While Louisiana is one of the few states (as of today) that does not actively require out-of-state vendors to collect their sales tax, it’s not for lack of effort or forethought. Louisiana has been thinking about taxing remote commerce for a few years and now, they are ready to act and make the requirement fully mandatory and enforceable.
It all started with Act 274 of the 2017 Regular Session. Through this bill, the Louisiana legislature created the Louisiana Sales and Use Tax Commission for Remote Sellers (the “Commission”). The Commission sits within the auspices of the Louisiana Department of Revenue with the objective of designing systems and processes that would enable the administration and collection of taxes from remote sellers. However, the Commission was prohibited from actually putting anything in place that required the authorization of expenditures (money) until a federal law (i.e. a law enacted by the United States Congress) became effective that would allow states to require such collection.
While a federal law enabling the collection of tax from remote sellers never came to be, in June of 2018, the Supreme Court of the United States issued its decision in the case of South Dakota v. Wayfair, Inc. The Court upheld South Dakota’s ability to enforce sales tax collection on sales made into the state by remote vendors. As such, while the federal prohibition against taxing remote commerce was removed, the fact that it did not come through an act of the US Congress, continued to constrain Louisiana from acting in any way that required the spending of money. It must have been supremely frustrating from them.
[Avoid your own frustration with SD v. Wayfair and watch the on-demand recording Q&A webinar with Chuck Maniace, vice president, regulatory analysis and design, Sovos, “South Dakota v. Wayfair One Year Later: Retrospective and Look Ahead,” from June 27 and be prepared for changes ahead.]
During their 2018 Second Extraordinary Session, in the wake of the South Dakota v. Wayfair decision, the Louisiana legislature passed Act 5 (House Bill 17), which expanded the definition of “federal law” to include a final ruling by the United States Supreme Court and made the Commission the sole entity for the administration and collection of sales and use taxes on remote sales. The Act also re-defined the term “dealer” to include remote sellers having more than $100,000 in sales or more than 200 separate sales into the state.
Louisiana Remote Seller Sales Tax Collection Rules
Now, it’s important to understand that Louisiana sales tax is complex – far more complex than those that apply in South Dakota. In Louisiana, local taxes exist at the Parish (County), City, and District level. Making things even more complicated is the fact that local taxes are locally administered, meaning sellers with sales tax nexus in Louisiana must understand state and local rates, state and local rules, and file state and local returns. On top of all of that, the Louisiana sales tax code is a case study in complexity – understanding what’s taxable and what’s exempt is far from easy for even the most experienced team of tax professionals.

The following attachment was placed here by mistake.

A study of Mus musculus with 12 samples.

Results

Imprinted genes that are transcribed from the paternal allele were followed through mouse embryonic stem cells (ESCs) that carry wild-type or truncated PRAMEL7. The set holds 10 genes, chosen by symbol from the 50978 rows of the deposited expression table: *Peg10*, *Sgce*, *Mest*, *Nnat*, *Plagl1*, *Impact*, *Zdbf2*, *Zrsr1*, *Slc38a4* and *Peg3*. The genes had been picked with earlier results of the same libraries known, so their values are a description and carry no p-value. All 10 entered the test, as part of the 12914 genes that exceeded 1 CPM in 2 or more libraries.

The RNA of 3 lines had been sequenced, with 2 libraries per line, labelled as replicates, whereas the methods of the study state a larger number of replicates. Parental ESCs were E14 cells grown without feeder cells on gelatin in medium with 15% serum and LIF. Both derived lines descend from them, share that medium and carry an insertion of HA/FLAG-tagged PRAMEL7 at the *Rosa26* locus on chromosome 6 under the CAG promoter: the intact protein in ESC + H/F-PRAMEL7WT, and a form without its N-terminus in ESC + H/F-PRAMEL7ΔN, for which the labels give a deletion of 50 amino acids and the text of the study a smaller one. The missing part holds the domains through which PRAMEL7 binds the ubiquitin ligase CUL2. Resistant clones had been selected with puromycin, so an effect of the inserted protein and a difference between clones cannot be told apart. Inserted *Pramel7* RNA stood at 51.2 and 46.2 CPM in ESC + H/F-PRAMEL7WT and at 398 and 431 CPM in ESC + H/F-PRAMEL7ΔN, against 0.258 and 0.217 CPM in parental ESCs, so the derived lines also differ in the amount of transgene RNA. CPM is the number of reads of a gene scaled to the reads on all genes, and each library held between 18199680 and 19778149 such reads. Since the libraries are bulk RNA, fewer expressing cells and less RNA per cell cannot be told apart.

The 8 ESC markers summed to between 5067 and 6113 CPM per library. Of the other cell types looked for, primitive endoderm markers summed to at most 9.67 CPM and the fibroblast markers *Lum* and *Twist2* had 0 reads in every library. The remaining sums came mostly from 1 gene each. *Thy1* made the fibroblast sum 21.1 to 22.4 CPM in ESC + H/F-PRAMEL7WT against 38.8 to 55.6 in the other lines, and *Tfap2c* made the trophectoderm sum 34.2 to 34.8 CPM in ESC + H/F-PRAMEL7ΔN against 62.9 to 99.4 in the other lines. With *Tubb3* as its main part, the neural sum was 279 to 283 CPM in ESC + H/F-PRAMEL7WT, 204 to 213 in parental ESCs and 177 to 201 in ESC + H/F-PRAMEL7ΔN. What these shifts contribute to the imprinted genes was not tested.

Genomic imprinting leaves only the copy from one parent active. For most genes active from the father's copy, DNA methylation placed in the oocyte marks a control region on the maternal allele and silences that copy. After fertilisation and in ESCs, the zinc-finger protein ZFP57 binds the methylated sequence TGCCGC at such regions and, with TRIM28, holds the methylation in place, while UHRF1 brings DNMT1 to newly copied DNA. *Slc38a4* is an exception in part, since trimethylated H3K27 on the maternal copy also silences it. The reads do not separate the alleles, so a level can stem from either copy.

In a Post-Wayfair world, states are free to impose sales tax obligations on remote sellers, however they must do so in a way that does not create an undue burden. Without some form of simplification to their tax systems, Louisiana could face a legal challenge claiming that their economic nexus law was unconstitutional. However, under the law, a material simplification is indeed available.
For any “dealer” meeting the threshold, the newly formed regime required tax to be collected at a special rate of 8.45%. The combined rate reflected the state rate of 4.45%, as well as a combined local rate of 4% intended to simplify collection of local taxes. Under this regime, all funds are remitted to the state directly via Form R-1031 and local filing is not required.
Louisiana Remote Seller Sales Tax Collection Update
Originally, it seemed that Act 5 was to take effect on July 1, 2018, but enforcement was put on hold until the Commission had a chance to study the issue. However, remote sellers qualifying as dealers were given the option of voluntarily collecting and remitting the 8.45% tax, an option that remains in place through June 30, 2019. However, the time for optional compliance is almost over. Sovos has confirmed that Louisiana plans on mandating collection (using the simplified rules) effective July 1, 2019.
However, sellers should be aware that the simplified regime effective today is not long for this world. On June 17, 2019, Governor Edwards signed Act 360 (House Bill 547) into law, which states that remote sellers who qualify as dealers will ultimately be required to collect and remit state and local taxes at the prevailing local rates rather than at the simplified 8.45% rate. The Commission will give 30 days’ notice of such enforcement, but enforcement will be no later than July 1, 2020. However, it’s important to understand that from July 1, 2019 until that time, collection is required for any remote seller exceeding the threshold.
The time to comply in Louisiana is at hand!